In 1976, after scrapping plans for a Broadway show, he produced The Muppet Show.
He won fame for his creations, particularly Kermit the Frog, Rowlf the Dog, and Ernie, and was involved with Sesame Street for over 20 years.
Henson would remain at WRC for seven years, from 1954 to 1961.
In the show, he began experimenting with techniques that would change the way puppetry had been used on television, including using the frame defined by the camera shot to allow the puppet performer to work from off-camera.
Henson remained a Christian Scientist at least into his twenties when he would teach Sunday School, but in 1975, Henson wrote to a Christian Science church to inform them he was no longer a practicing member.
In 1954, while attending Northwestern High School, he began working for WTOP-TV (now WUSA-TV), creating puppets for a Saturday morning children's show called The Junior Morning Show.
As a freshman, he had been asked to create Sam and Friends, a five-minute puppet show for WRC-TV.
The characters on Sam and Friends were forerunners of Muppets, and the show included a prototype of Henson's most famous character: Kermit the Frog.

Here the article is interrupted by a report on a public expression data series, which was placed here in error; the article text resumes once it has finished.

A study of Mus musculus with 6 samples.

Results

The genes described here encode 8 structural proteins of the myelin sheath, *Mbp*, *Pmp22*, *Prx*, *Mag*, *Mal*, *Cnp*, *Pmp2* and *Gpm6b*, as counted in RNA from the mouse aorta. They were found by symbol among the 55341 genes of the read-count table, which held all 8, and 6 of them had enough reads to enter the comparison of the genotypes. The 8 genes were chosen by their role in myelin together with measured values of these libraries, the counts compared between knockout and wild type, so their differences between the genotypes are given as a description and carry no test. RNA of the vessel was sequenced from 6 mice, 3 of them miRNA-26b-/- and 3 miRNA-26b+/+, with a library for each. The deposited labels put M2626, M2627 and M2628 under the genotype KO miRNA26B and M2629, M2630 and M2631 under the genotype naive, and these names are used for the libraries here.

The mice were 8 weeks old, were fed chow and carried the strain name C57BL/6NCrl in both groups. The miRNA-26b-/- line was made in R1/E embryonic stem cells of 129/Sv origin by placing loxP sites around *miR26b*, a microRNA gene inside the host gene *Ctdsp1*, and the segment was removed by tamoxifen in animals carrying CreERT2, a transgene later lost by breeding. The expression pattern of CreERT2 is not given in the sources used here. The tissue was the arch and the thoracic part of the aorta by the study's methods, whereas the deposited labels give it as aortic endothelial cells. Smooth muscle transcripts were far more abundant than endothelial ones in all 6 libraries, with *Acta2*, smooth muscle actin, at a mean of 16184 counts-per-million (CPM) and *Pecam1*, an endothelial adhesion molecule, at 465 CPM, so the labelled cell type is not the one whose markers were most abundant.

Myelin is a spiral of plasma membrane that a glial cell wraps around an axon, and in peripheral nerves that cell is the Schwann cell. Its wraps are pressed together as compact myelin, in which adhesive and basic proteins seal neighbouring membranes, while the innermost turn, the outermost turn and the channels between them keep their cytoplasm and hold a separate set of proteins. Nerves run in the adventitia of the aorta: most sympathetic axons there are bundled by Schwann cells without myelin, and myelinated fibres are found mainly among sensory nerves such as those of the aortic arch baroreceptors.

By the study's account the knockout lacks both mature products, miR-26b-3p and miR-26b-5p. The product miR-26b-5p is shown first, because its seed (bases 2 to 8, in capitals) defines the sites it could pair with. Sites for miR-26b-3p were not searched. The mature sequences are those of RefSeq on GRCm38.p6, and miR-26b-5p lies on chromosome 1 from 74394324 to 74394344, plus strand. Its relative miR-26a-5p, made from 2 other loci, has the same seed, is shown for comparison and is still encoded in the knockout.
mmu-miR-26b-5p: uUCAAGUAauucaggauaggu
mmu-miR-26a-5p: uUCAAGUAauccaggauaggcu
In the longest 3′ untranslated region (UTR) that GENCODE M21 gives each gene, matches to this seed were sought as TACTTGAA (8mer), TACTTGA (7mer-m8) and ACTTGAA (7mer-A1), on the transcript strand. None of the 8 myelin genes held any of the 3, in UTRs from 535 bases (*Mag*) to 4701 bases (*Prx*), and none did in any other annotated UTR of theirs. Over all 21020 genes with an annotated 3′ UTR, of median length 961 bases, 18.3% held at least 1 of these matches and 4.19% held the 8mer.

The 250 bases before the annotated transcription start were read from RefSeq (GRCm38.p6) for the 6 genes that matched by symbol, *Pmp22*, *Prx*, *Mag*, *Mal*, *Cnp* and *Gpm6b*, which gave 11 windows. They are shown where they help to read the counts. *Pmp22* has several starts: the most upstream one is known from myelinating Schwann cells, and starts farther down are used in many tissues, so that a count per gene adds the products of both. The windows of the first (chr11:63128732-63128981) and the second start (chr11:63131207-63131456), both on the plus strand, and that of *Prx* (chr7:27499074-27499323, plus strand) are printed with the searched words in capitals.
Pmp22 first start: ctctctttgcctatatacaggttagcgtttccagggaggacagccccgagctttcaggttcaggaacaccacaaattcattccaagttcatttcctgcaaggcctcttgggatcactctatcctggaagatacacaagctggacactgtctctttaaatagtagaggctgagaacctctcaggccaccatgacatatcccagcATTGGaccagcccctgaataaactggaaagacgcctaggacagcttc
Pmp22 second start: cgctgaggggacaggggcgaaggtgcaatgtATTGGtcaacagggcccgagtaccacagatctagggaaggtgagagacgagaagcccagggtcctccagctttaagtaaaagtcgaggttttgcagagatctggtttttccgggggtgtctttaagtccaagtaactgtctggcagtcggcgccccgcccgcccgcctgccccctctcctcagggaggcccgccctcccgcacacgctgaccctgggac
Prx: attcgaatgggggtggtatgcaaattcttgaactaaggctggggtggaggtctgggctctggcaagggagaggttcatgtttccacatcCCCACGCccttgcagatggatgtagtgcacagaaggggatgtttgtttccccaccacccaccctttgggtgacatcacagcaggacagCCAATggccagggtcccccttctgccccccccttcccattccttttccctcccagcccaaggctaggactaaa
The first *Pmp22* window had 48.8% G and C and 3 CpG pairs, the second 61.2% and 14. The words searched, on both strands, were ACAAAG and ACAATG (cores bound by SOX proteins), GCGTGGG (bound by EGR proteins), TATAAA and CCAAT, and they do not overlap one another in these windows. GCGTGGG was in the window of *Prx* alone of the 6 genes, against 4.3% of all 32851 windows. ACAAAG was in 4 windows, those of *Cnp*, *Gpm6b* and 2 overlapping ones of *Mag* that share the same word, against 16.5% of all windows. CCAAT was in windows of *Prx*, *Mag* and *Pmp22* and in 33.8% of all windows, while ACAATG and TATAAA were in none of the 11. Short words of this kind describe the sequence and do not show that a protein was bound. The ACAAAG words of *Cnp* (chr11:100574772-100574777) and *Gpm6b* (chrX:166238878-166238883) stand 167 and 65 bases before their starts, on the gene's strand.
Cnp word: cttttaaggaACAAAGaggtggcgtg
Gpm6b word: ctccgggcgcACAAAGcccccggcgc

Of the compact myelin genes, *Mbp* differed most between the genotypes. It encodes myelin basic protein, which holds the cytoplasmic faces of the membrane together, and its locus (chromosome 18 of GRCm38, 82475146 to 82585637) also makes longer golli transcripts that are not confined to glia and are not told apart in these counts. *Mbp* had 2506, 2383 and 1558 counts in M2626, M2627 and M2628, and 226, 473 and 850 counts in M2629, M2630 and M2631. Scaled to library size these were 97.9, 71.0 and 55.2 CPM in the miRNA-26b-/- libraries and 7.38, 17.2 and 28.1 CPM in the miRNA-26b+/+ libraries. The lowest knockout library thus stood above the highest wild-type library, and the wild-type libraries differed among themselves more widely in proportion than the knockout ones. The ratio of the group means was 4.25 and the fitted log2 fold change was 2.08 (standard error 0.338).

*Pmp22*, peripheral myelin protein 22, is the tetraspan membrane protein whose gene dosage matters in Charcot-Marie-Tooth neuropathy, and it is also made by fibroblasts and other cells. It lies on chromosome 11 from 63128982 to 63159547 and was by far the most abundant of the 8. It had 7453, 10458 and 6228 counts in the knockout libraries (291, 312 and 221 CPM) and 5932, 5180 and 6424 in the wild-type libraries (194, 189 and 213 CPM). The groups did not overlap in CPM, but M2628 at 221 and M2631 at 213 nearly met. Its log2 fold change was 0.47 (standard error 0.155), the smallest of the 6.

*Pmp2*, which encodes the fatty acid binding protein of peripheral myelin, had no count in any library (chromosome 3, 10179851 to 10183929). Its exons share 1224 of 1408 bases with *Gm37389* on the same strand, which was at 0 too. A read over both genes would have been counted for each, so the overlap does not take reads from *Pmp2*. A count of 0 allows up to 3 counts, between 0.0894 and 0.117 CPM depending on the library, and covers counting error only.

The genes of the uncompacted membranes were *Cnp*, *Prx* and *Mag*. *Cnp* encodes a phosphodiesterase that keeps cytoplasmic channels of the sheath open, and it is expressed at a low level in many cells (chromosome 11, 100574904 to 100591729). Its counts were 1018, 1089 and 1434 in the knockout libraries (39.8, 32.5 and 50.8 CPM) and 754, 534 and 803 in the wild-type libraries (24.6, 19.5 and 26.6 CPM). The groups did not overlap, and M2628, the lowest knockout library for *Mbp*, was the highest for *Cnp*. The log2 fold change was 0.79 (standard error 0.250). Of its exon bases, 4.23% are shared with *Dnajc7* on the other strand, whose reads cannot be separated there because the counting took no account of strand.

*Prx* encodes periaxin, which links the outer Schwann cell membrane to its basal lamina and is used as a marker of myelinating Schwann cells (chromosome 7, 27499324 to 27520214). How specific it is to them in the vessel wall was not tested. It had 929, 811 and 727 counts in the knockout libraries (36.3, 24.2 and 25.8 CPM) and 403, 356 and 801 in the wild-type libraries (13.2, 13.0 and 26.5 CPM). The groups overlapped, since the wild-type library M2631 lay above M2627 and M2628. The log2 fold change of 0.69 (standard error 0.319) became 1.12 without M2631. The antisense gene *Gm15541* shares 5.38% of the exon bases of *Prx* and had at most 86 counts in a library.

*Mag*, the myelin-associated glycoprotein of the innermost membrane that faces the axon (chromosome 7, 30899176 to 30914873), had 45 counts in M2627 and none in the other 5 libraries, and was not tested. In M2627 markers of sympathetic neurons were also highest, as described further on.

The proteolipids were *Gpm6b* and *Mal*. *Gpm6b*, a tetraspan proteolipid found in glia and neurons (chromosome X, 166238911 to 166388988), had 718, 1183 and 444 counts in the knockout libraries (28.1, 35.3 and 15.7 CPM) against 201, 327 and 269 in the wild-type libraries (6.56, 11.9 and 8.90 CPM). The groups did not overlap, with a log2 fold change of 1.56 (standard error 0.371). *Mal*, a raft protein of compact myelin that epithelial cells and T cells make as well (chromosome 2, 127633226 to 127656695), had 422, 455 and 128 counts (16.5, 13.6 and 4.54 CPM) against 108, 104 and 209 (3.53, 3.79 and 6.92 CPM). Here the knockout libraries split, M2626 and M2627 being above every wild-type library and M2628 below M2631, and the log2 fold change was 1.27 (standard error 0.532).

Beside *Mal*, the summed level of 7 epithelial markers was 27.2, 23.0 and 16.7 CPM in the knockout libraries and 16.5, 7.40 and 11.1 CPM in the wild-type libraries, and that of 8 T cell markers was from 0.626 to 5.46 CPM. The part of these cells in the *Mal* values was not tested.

Henson died of toxic shock syndrome on May 16, 1990, at age 53, twenty hours after experiencing a medical emergency—an unexpected event that was widely lamented in the film and television industries.
Born in Greenville, Mississippi on September 24, 1936, James Maury Henson was the younger of two children of Paul Ransom Henson (1904–1994), an agronomist for the U. Department of Agriculture, and his wife, Betty Marcella (née Brown; 1904–1972).
Henson and Oz developed a close friendship and a performing partnership that lasted 27 years; their teamwork is particularly evident in their portrayals of the characters of Bert and Ernie, Kermit and Miss Piggy, and Kermit and Fozzie Bear.
Henson's 1960s talk show appearances culminated when he devised Rowlf, a piano-playing anthropomorphic dog.